Shiver/Brivido (1941)

Plot: A mystery novel (giallo) author finds himself in the middle of a creative crisis as he struggles to come up with an idea for his latest novel and deliver it to his publisher on time. When a woman is murdered in the apartment above, his wife and agent persuade him to take his inspiration from the police investigation which is unfolding around them.


Directed by Giacomo Gentilomo in 1941, Brivido is very much a giallo in every sense of the word, with a narrative that could have been lifted out of any number of Agatha Christie novels. Based on the comedy Il Triangolo Magico/The Magic Triangle, by Alessandro de Stefani, (with a screenplay co-authored by Mario Monicelli and Mino Caudana) it is categorized as a giallo-rosa (pink giallo), a term used to describe films where there is an equal emphasis on comedy as well as mystery and suspense – in this sense Brivido continues in the tradition of Mario Monicelli’s earlier Giallo, which is also played for laughs as much as it is for thrills. Most of the cast and crew were reunited two years later in another very similar production entitled, Cortocircuito/Short Circuit, also directed by Giacomo Gentilomo.


Parts of the original audio track were destroyed or lost during WW2 and had to be re-recorded in 1947 – the video below identifies the different actors whose voices were re-dubbed.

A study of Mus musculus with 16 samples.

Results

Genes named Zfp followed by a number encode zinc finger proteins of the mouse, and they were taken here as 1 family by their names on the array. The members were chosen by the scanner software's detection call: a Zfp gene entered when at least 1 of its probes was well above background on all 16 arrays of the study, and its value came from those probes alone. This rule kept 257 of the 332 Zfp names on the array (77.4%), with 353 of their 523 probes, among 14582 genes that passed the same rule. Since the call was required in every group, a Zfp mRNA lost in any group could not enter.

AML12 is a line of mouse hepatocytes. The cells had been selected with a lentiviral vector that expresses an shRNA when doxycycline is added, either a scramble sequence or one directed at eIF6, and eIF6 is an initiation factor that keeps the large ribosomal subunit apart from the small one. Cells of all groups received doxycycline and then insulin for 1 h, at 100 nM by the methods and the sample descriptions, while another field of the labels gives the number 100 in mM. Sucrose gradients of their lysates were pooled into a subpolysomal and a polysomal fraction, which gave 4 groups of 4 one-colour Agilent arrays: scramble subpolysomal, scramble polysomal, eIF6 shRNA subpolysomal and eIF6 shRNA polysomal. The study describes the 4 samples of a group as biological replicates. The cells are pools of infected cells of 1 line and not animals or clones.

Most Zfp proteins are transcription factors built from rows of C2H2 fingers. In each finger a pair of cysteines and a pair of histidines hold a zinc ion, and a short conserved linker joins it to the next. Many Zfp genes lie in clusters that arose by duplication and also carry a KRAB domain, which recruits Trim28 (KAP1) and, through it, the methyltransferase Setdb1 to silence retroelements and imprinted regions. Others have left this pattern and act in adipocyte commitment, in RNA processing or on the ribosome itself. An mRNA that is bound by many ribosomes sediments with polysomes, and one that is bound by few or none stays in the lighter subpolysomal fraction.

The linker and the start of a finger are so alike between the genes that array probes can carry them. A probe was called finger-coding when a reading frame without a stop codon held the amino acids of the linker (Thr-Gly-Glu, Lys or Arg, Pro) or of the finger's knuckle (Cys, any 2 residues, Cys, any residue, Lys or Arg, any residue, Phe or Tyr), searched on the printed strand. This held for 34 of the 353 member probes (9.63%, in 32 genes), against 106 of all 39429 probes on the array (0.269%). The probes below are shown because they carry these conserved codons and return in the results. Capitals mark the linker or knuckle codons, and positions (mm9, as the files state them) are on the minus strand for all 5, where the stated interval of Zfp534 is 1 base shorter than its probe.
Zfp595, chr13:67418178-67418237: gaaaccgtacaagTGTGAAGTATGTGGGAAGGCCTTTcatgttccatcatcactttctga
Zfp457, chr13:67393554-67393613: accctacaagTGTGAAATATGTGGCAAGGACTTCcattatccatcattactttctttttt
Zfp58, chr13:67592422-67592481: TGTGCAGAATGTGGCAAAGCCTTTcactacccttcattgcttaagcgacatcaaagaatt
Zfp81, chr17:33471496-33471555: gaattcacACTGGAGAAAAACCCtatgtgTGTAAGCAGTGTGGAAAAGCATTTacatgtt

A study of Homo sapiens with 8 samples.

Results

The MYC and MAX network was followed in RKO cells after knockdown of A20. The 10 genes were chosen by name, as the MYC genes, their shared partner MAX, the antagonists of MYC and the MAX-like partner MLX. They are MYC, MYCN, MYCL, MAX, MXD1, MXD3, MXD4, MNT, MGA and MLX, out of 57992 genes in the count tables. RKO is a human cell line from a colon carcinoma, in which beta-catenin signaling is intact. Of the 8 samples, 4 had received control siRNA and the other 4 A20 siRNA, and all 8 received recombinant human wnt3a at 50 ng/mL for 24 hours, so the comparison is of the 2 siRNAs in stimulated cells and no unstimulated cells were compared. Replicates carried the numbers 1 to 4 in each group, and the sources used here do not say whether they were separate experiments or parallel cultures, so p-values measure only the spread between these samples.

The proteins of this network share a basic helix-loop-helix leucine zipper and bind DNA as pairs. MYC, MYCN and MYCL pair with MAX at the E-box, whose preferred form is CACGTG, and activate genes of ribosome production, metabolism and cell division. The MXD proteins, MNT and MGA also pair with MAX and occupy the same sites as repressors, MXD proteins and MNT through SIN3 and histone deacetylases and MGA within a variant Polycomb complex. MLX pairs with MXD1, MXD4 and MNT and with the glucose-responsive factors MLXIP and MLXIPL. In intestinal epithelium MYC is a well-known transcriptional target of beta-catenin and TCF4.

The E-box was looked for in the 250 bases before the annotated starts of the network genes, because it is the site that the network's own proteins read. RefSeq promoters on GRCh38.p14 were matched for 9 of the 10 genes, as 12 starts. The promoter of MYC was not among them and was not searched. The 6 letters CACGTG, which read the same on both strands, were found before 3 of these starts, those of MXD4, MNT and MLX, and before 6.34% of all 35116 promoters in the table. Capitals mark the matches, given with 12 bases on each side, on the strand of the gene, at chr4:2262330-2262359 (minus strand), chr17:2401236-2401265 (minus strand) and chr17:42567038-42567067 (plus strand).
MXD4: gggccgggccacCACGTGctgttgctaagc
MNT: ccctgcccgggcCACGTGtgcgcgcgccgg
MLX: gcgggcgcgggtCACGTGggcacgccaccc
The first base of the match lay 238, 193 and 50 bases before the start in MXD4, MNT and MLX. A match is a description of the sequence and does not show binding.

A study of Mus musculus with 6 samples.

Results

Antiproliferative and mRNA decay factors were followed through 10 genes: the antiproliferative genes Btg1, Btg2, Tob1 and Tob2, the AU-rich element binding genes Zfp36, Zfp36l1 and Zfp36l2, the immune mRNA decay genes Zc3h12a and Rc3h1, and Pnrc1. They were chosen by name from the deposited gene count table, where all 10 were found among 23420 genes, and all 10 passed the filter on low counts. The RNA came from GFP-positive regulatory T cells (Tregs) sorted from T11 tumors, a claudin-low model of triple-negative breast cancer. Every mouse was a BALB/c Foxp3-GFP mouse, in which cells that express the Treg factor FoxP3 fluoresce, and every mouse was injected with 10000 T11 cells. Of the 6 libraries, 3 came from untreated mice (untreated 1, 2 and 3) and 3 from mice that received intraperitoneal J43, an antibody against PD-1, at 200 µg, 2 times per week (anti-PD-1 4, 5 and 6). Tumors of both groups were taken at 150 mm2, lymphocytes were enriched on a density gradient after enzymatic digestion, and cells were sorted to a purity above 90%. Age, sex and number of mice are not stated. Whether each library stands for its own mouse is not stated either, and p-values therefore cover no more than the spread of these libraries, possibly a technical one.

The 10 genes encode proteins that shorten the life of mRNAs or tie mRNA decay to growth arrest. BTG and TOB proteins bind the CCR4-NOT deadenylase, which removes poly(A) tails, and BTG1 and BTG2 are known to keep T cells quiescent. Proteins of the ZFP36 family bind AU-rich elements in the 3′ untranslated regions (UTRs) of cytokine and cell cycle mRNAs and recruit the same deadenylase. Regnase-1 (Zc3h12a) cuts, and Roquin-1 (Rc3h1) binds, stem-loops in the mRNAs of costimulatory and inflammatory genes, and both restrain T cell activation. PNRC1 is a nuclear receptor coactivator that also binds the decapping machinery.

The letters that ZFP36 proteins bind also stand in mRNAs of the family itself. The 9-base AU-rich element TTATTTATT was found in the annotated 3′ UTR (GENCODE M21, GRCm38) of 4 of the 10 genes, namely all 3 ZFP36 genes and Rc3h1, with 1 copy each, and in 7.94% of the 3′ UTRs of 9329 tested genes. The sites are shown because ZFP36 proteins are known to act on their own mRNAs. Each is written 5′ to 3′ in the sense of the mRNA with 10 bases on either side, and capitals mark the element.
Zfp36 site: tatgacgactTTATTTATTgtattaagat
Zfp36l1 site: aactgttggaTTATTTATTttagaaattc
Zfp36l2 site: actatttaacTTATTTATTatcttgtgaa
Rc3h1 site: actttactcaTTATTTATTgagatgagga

Although filmed entirely in Italy with an Italian cast and crew, the fascist regime, led by dictator and film afficionado Benito Mussolini, forbade films like Brivido from being set in Italy – Instead encouraging more homegrown, realist productions, often emphasising the plight of the every day man, or dealing with social issues, such as separation, working conditions, the role of a woman, etc…. While this approach would soon give birth to the much celebrated neo-realism genre, it made life very difficult for producers to get approval for films like Brivido which were very clearly intended as light-hearted escapist cinema, inspired by their American counterparts which were banned in Italy during WW2. Film makers found a way to get around these new restrictions by simply changing the names and locations to places outside of Italy – For this reason, Brivido is set in Budapest, Hungary (although we never actually get to see any of Budapest) and all the characters have Hungarian names.